March is upon us and for basketball fans this means one thing: March Madness. Buzzer beaters, Cinderella squads, and cutting down the net make for highlights each year during the action-packed NCAA Tournament. Stars like Arike Ogunbowale and Zion Williamson are ready to enter the madness that is 60+ teams competing in a single-elimination tournament all hoping to raise the National Championship at the end of the three weeks of play.
Players have been working hard the entire year for this moment, and now the time has come to step up their game to win it all. Basketball is a high-intensity sport and as we have seen throughout this season, injuries can occur. It is important to be aware of the common injuries in basketball, as well as prevention tips to help keep players healthy for the entire season.
Common Basketball Injuries:
Basketball is a very popular sport, with players of all ages and skill getting in on the action. It is estimated that 1.6 million injuries occur each year that are associated with the game of basketball. According to the American Orthopaedic Society for Sports Medicine, the most common basketball injuries include:
- This is the most common injury in basketball. A quick change in direction or jumping and landing on another player’s foot are two common ways that the ankle is sprained in basketball. A common misconception that is often heard is “it’s just a sprain, they’ll walk it off”. A sprain involves the ligaments of the ankle and can turn out to be a significant injury depending on the level of impact/force to the ligaments. Although many sprains are minor with a player usually returning within a few days, a more serious sprain can keep an athlete sidelined for several weeks.
- Whether it was going for a steal or simply catching a pass from a teammate, almost all basketball players have experienced the misfortune of a jammed finger at some point in their career. It occurs when the ball awkwardly strikes the finger-tip, leaving the knuckle to absorb the force and cause injury to the finger.
- Knee injuries are common because of the quick changes in direction, repetitive jumping, and high intensity of the game. Patellar tendonitis, also called “jumper’s knee,” is the inflammation of the cord-like tissue that joins the kneecap to the shin bone. This is an overuse injury that can result from the constant jumping and landing that occurs in basketball. Other common knee injuries involve damage to structures in the knee such as the anterior cruciate ligament, poster cruciate ligament, or meniscus.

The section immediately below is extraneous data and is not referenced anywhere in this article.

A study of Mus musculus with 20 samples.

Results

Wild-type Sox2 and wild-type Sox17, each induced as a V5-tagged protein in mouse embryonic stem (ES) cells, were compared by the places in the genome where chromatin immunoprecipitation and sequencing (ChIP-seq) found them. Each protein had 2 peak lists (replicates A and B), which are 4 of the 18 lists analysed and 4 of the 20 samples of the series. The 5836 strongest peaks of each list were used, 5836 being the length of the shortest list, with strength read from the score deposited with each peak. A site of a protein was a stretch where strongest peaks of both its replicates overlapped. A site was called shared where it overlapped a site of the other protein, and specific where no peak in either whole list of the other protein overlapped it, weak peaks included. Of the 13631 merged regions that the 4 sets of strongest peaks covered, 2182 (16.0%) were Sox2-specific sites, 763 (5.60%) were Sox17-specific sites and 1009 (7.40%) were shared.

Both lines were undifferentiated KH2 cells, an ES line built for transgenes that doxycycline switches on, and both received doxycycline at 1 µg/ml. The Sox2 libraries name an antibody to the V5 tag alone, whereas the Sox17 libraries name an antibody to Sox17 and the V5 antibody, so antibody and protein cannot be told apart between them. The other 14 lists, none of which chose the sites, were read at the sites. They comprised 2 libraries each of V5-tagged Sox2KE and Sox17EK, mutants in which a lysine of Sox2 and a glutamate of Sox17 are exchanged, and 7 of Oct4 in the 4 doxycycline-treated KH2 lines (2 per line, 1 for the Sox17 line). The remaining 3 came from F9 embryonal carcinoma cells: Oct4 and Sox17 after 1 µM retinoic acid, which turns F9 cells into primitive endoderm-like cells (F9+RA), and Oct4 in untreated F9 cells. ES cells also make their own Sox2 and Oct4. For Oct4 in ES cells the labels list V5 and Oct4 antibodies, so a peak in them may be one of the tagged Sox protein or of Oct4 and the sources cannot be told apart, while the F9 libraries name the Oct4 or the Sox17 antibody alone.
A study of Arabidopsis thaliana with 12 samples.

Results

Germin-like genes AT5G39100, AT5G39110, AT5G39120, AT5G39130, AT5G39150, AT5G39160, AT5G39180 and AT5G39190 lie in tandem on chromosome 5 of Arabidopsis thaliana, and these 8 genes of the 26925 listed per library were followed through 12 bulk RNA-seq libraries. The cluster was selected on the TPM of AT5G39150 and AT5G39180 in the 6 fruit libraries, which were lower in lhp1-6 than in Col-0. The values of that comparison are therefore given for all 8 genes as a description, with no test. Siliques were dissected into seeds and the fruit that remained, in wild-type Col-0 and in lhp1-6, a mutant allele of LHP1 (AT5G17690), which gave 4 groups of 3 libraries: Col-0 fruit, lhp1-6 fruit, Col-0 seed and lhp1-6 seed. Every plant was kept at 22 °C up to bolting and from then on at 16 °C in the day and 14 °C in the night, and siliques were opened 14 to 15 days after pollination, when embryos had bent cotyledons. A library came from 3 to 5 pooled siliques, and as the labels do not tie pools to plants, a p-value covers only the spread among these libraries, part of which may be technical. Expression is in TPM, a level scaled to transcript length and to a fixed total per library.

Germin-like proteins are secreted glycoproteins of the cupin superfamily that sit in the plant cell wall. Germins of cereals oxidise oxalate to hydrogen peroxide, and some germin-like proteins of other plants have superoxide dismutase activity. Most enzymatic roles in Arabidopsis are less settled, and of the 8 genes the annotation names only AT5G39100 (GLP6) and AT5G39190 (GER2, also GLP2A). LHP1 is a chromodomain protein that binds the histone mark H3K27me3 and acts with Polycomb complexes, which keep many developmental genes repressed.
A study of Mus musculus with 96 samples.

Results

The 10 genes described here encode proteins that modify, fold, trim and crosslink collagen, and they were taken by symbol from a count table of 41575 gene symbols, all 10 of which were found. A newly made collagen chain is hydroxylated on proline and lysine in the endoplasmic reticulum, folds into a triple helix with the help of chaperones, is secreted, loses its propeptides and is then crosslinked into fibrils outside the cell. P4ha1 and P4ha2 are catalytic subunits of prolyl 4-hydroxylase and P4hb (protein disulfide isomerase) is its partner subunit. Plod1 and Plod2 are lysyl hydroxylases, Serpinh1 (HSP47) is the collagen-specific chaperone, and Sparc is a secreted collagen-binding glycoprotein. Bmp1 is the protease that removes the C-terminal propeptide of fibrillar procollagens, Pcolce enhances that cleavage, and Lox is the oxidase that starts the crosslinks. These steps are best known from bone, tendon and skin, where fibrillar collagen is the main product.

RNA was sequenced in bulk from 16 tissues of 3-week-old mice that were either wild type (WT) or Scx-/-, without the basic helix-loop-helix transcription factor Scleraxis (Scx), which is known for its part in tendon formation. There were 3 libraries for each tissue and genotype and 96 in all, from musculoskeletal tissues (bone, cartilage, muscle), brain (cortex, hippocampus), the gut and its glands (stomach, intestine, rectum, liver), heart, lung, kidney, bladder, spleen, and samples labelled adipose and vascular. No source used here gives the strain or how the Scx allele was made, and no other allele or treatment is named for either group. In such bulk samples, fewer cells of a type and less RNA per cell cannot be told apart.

Deep Thigh Bruising
- Basketball is a contact sport, and even though foul calls are made to keep the game safe, there is always inadvertent contact that happens when players are all going for the ball at full speed. A thigh bruise commonly results in basketball when the front of the thigh is struck by another player’s elbow or knee.
- This is another overuse injury that results from overtraining, starting initial training or getting back into training at too rapid of a pace, and changing shoes or running surfaces. Stress fractures are most commonly seen in the foot and lower leg. Repetitive high impact forces combined with inadequate rest and recovery cause the supporting muscles and bones to become tired and weak. The constant jumping and running in basketball can put a lot of extra stress on the bones when the muscles are tired. When the stress-bearing capacity of a bone is exceeded, a fracture can occur.
It is important to be aware of these common basketball injuries and to place a strong emphasis on implementing injury prevention strategies. The stakes are high during this time of the year, and it is crucial to keep players healthy in order to reach the coveted National Championship game. Listed below are common injury prevention strategies in basketball that can help players to stay healthy and on the court during crunch time.
- Make sure you have proper basketball equipment. Wear supportive, comfortable, and non-slip basketball sneakers in game and in practice. Additional safety equipment can include ankle braces, knee pads, and a mouth guard.
- Warm up and stretch before games to ensure the body is ready to perform at the high level of intensity required in a basketball game.
- Follow the rules and use proper technique. Basketball is a fast-paced game with a lot of various movements involved in passing, dribbling, shooting, and rebounding. In order to ensure the safety of both an offensive and defensive player, it is important to follow the rules and focus on the fundamentals.
- Stay hydrated and maintain proper nutrition. Adequate hydration and nutrition are essential to fueling a strong performance in any sport.
- Participate in an exercise program that incorporates strength training, cardiovascular conditioning, flexibility, balance, and agility drills that relate to the movements on the basketball court.
- Proper rest and recovery are essential throughout the season and especially during the craziness of tournament time.
Despite these prevention efforts, the fast-paced and high intensity nature of the game of basketball can lead to these common injuries and more. Our team of qualified physicians has the most extensive experience with sports-related injuries in the Lehigh Valley and our Sports Medicine Institute was voted best Sports Medicine Team in the 2018 Morning Call Reader’s Choice Awards.
To schedule an appointment with one of our doctors, call 610-973-6200 or fill out our “Request an Appointment” form.